Last week while I was in Singapore I had the opportunity to discuss fish health management and particularly quarantine of marine ornamental fish and invertebrates with Kevin Erickson a director-at-large with the Marine Aquarium Society of North America.
I’m constantly amazed at technology and the capability to communicate globally. We did the interview via Skype. Kevin was in Stirling, Scotland and I was in Singapore. What an amazing world!!
I hope you find the interview interesting. Please feel free to post any comments. I’m always interested in your comments and opinions.
On my way home today. I’m writing this at the airport in Vancouver BC.
Over the past few days I’ve had the opportunity to visit a number of farms and export facilities in both Singapore and Malaysia. What I’ve taken away is an industry in these countries that is working to significantly upgrade their biosecurity and health screening procedures to meet increasing demands as well as anticipated new requirements from the World Animal Health Organization, the EU, Australia and to some extent the US.
We visited a number of facilities with significant biosecurity protocols which included:
- Separate quarantine facilities for export – fish are quarantined in these export facility prior to shipment. These facilities are separate from the actual production facilities. We visited two of these facilities that are slated to come on line in the next few months.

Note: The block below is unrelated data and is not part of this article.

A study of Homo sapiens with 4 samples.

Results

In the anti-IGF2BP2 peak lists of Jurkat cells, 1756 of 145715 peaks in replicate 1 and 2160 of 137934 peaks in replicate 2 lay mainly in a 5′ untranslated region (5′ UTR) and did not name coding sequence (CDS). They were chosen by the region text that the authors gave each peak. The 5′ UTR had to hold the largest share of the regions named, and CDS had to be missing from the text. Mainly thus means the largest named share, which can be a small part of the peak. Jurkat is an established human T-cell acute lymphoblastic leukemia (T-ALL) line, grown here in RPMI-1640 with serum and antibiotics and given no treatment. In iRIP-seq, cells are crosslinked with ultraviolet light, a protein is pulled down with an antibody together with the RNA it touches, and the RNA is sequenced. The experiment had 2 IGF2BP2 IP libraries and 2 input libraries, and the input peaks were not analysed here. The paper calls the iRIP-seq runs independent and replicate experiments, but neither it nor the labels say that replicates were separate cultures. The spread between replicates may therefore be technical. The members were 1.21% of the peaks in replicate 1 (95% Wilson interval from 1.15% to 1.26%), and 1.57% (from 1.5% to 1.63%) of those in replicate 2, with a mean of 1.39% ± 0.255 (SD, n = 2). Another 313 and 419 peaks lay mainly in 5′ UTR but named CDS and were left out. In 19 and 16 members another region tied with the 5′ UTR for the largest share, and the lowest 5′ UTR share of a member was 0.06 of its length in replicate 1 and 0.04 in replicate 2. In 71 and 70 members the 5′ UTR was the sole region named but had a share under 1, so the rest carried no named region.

- Some facilities have two levels of quarantine; pre-quarantine at the production facility prior to shipment to the export quarantine facility.
- Separate facilities for holding domestic and imported fish.
- Movement from pond culture to tank and cement pond culture. Easier to prevent disease spread and easier to disinfect the rearing units.
- Tanks and ponds with individual water supplies and filtration. Water is not shared between tanks/ponds.
- Dedicated equipement for each tank or rearing unit.
- Individual siphons for each holding/rearing tank. These were actually hard-plumbed. Pretty cool idea.
- Bird netting, covered or enclosed rearing areas.
- Regular disease screening for export purposes but also as part of an ongoing health management program.
These are a few of the more significant examples of the move to more biosecure production systems.
Of course, there are still many facilities that are rearing fish in the older style pond culture systems many with many cage nets within individual ponds. There are also problems with pest control in some facilities – frogs moving between pods, birds, snakes. Further, there are instances where there appears to be inadequate disinfection between batches, not pulling mortalities quickly and inadequate equipment disinfection. I believe all of these issues can be addressed in time.
However, the hobbyist must be willing to pay more for this increased level of health management and biosecurity. All too often I hear, particularly in the US that hobbyists want healthier and safer fish but I’m told by many retailers that they are unwilling to pay more for these fish. Price still seems to be the guiding factor. THese additional health management practices add cost to the production process and it is important for the hobbyist to understand this fact.
Just some initial thoughts. Next I will post some images to give you a feel for the different types of farms and export facilities. Stay tuned. TMM
Here’s a nice article about the Hatfield Marine Science Center (HMSC). The ornamental fish health program is based at this facility. THe article gives readers a nice overview of the varied activities at the Visitors Center.